An unnamed West Yorkshire police officer has managed to attempt to pervert the course of justice by getting himself summonsed for driving an untaxed vehicle, when he accidentally put his own details on a form instead of those of the alleged miscreant, reports the Daily Mail.

Members of West Yorkshire Police’s Roads Policing Unit (RPU) took to Twitter to mock another member of their team who appears to have put his own name on a form rather than the real offender.

I’m pretty sure that a humourless American prosecutor would seize on this as obstruction of justice by wrongly reporting yourself as the ‘perp’, and to be fair, it does seem to have all the necessary elements of causing wasteful employment of police time in UK law.

Our wonderful mini plea-bargain system of fixed penalty notices in the UK allows you to buy off a prosecution, or go to Court and challenge the basis of the ticket and risk conviction.

Whilst the UK may seem more and more like East Germany as time goes by, witness recent police action on free speech, it is heartening that the police are managing to boost their summons rates in a way that cuts out the unfortunate middleman, like the Armenian Orthodox Priest in Soviet Russia who, having a conspiracy beaten out of him by Stalin’s NKVD, managed to name as his co-conspirators every member of his congregation that he had buried in the past 3 years, thus enabling his tormentors to fill their quota with ‘real’ people. At least for now, this is a laughing matter. Should Comrade Yezhov‘s admirers take power, it might not be so nice.

6 comments to Yezhov would have been proud of this ‘self-purging’ British Police officer

  • Eric

    I’m pretty sure that a humourless American prosecutor would seize on this as obstruction of justice by wrongly reporting yourself as the ‘perp’, and to be fair, it does seem to have all the necessary elements of causing wasteful employment of police time in UK law.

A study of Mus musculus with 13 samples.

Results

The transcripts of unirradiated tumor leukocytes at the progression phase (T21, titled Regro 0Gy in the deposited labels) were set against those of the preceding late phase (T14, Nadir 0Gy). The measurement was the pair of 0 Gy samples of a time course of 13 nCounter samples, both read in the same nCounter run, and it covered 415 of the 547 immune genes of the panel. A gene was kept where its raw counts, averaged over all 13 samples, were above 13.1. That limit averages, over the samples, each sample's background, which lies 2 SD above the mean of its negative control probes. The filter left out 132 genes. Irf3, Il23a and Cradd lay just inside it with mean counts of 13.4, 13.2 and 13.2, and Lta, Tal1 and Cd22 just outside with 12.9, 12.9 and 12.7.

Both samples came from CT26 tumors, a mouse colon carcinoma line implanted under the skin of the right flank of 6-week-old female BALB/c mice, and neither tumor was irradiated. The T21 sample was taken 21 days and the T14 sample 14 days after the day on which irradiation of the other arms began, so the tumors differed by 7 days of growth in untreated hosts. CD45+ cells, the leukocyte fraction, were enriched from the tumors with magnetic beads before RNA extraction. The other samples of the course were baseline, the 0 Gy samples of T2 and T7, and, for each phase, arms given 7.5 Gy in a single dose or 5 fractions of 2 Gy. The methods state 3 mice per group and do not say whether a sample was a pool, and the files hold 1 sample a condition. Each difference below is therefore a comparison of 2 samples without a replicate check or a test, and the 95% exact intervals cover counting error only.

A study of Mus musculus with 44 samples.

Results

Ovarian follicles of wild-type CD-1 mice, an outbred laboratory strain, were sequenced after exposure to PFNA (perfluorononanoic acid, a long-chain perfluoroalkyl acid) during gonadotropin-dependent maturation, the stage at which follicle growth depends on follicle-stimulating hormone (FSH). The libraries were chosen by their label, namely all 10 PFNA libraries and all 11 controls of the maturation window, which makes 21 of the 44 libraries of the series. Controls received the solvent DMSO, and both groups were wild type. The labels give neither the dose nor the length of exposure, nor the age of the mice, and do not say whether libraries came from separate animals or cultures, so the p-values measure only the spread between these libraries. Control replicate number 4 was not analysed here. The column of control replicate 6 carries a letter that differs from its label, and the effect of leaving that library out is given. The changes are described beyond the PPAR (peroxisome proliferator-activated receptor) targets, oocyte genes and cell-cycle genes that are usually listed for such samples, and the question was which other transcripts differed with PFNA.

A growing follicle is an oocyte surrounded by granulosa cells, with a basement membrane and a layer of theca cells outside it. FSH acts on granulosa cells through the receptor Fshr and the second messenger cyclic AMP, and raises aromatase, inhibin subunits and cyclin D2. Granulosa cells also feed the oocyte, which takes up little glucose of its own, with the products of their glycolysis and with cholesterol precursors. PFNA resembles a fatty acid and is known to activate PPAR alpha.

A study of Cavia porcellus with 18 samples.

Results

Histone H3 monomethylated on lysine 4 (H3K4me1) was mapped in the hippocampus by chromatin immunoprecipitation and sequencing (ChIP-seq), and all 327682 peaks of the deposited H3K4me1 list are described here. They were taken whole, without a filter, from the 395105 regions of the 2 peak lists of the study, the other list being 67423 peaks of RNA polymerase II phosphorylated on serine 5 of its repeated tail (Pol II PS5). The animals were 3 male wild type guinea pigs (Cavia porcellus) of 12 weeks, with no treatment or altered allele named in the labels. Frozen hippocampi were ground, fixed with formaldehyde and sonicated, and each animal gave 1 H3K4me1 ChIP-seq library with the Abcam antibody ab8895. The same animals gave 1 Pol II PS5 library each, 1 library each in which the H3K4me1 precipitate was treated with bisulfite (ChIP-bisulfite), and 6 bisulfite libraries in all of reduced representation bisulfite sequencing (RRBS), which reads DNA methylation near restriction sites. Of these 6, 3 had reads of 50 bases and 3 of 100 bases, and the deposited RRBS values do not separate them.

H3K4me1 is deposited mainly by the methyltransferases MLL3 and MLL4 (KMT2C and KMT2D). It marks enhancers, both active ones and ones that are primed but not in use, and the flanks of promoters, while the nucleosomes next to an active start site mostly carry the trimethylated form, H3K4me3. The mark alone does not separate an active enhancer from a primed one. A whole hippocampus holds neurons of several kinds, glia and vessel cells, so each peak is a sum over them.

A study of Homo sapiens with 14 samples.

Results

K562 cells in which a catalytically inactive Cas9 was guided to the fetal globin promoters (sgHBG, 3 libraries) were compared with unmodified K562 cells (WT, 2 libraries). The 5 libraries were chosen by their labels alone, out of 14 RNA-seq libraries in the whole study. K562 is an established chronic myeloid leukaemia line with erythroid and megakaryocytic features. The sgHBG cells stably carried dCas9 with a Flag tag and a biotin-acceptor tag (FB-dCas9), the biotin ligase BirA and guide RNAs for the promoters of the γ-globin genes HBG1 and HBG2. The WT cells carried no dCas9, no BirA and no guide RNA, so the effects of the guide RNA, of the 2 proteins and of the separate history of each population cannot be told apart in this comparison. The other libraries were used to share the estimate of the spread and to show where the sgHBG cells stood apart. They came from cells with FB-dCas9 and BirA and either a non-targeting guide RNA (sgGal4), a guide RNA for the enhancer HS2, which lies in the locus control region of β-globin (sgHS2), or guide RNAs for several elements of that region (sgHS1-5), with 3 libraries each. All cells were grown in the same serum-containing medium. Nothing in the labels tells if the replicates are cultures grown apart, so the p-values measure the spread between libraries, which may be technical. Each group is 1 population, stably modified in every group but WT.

Is this really the week to be criticizing American prosecutors for imaginary misdeeds?

  • Mr Ecks

    Of course not.

    There are far too many real misdeeds of American prosecutors to be concerned with.

    But point taken. Kettle/pot etc.

  • Rich Rostrom

    There was a moment recently when the worst driver in Ireland, with literally hundreds of violations on record, was [Polish for driver’s license].

  • Paul Marks

    Sometimes incompetence is not a bad thing.

    Better the incompetent British “justice” machine – than the efficient Federal American “Justice” Department with its 90+ conviction rate (often for imagery “crimes”) and savage punishments (endless years in an American prison) – the Founding Fathers would be horrified.

    Or, vastly WORSE, the Soviet system.

  • bobby b

    ” . . . the efficient Federal American “Justice” Department with its 90+ conviction rate . . . “

    One defense of this: You speak of a 90%+ conviction rate as if the number alone condemns the process. When I was practicing criminal defense, that’s approximately the same percentage of my clients who were clearly and without question guilty of committing the crimes of which they were accused. Most criminal cases are obvious and simple and boring, and the police are generally very competent at documenting evidence. I never had a client convicted who protested his innocence to the end. (Not counting the DWI’s who always said “I wasn’t that drunk!”)

    Your point about imaginary crimes remains valid, however. The drug arrests alone made up close to 35% of my client list.

  • Almost but not quite on-topic:

    Saw The Death of Stalin tonight. Quite possibly the best movie I’ve seen in a decade. Can’t recommend it enough.